U.S. Treasury Bond Market Crash Not Stocks the Big Story of 2010

Let’s pretend the US is a company.

For starters, this company has a massive debt problem. The official number is $12 trillion and counting, which is roughly the equivalent of one year’s annual production. On the surface, that’s not TOO bad.
However, if you treat the US’s balance sheet according to Generally Accepted Accounting Principles (GAAP) you have to also consider future liabilities in the form of Social Security and Medicare, which puts total debt at $65 trillion: an amount equal to 5 years’ worth of production: a REAL issue.

A debt load of this size requires massive sales and cash flow to service it. However, the problem is that the company’s primary sales segment (tax receipts) is plummeting. Indeed, individual income tax receipts are down nearly 30% from last year (a year that the economy was already falling off a cliff). Similarly, corporate tax receipts are negative.
Now, the company has just gotten a new CEO (the old one left after racking up this massive debt load). However, rather than trimming the fat from the company, he’s decided to INCREASE its operating costs/ annual spend. So the company is now having to issue MORE debt (roughly $150 billion a month) at the same time that it is trying to roll some of its OLD debt over.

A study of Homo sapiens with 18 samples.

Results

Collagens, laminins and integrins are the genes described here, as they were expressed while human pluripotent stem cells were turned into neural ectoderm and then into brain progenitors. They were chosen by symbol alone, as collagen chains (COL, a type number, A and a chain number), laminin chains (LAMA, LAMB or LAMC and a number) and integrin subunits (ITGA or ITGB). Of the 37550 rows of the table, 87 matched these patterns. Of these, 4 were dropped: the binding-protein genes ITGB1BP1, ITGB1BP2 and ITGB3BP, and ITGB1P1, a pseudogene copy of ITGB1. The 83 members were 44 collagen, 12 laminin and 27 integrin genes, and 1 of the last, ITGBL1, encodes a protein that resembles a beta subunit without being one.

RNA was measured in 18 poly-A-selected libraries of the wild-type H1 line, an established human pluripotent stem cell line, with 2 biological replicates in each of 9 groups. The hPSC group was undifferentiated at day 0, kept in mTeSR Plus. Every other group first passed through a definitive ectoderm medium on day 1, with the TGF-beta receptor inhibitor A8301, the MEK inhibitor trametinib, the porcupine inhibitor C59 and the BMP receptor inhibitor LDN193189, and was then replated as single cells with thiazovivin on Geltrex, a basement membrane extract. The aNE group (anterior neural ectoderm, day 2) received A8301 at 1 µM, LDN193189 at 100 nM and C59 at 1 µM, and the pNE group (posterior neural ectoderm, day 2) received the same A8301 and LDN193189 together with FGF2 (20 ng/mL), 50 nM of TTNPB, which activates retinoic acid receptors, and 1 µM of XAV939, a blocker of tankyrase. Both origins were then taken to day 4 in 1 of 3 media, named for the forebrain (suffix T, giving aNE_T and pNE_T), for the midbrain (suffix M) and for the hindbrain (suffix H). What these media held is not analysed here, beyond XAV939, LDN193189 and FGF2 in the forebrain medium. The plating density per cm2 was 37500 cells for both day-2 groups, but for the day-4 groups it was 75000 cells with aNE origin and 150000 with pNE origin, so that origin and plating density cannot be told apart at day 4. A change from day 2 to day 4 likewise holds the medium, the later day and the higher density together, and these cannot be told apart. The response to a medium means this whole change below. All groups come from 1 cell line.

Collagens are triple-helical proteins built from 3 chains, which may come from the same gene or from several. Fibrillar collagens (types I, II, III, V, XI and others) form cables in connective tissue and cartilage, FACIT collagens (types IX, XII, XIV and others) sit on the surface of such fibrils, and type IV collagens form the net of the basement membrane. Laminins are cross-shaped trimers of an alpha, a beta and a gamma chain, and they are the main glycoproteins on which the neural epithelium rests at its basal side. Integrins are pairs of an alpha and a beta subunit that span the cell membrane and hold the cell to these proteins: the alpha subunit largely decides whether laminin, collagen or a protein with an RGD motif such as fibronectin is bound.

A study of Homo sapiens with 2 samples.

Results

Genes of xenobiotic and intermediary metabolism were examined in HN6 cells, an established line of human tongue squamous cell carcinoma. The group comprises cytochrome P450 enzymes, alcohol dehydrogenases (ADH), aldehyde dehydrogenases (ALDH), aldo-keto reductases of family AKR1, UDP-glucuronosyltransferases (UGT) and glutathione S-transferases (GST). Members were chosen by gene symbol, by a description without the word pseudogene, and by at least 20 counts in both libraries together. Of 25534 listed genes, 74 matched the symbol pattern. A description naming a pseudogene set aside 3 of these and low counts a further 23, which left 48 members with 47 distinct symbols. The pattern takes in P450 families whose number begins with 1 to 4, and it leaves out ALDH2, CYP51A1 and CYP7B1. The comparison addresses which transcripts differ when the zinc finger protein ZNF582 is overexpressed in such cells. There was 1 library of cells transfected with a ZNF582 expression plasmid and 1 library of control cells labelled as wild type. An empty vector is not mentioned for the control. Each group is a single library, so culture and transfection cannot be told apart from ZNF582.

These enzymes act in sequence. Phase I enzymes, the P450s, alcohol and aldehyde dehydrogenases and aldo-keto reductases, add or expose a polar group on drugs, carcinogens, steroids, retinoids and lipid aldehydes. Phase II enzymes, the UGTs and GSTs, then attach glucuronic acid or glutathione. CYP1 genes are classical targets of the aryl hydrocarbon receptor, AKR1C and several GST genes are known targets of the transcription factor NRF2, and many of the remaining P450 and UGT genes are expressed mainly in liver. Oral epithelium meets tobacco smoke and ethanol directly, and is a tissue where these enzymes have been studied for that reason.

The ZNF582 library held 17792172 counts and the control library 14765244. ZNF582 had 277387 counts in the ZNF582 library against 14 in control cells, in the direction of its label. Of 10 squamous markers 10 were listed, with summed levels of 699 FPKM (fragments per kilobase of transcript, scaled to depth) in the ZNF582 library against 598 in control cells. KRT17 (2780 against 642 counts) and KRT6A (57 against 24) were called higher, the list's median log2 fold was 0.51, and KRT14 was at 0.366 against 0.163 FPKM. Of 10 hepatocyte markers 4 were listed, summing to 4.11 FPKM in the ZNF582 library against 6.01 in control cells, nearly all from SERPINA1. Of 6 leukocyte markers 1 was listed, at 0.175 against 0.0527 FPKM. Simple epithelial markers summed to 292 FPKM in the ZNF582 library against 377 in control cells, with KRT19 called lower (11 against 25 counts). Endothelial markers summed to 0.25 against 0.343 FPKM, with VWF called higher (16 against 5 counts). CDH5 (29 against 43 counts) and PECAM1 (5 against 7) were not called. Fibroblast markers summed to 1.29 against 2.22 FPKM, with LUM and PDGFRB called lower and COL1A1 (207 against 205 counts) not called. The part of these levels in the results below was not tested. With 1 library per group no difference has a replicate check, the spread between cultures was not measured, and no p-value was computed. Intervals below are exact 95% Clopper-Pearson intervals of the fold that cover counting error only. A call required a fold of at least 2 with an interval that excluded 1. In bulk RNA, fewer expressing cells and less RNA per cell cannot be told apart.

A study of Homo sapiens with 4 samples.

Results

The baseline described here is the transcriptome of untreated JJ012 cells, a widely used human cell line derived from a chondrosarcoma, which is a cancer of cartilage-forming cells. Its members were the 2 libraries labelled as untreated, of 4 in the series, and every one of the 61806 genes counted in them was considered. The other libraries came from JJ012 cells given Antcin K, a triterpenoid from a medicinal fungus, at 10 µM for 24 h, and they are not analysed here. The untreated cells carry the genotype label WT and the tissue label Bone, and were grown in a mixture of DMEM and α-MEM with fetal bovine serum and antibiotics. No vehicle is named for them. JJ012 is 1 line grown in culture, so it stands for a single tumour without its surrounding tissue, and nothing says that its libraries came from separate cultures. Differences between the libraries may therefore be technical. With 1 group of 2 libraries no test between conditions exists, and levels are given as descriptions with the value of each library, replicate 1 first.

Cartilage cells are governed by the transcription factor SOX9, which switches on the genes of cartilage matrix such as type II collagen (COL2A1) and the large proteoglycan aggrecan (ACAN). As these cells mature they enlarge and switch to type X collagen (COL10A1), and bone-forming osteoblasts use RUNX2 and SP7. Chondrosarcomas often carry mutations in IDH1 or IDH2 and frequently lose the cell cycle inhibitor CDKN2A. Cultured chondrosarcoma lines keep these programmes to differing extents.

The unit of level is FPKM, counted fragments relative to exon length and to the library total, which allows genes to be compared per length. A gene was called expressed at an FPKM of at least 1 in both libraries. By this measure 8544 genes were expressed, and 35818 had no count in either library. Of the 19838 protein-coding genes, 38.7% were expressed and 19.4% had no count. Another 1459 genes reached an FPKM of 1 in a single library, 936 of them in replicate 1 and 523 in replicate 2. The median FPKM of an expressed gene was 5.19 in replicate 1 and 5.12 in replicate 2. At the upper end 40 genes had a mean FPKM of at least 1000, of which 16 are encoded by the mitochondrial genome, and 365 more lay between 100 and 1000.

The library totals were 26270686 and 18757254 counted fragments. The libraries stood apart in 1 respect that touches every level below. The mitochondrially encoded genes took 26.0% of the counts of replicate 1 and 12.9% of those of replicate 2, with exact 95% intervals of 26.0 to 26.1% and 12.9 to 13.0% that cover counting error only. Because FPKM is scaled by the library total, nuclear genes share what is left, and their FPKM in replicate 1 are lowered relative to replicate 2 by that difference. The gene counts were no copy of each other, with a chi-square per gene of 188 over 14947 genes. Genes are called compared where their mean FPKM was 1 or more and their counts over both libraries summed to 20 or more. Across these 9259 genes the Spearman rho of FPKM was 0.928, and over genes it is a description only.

This MIGHT work if the company’s current debt holders (foreign governments, especially China and Japan), weren’t already beginning to doubt that they’d ever get their money back.

Indeed, a few weeks ago, the Treasury Department released its Treasury International Capital Data for October: the numbers showing foreign interest in new debt issuance. The following is a BIG deal:

Net foreign acquisition of long-term securities, taking into account adjustments, is estimated to have been $8.3 billion (Graham’s note: we’ve issued nearly $2 TRILLION in debt this year).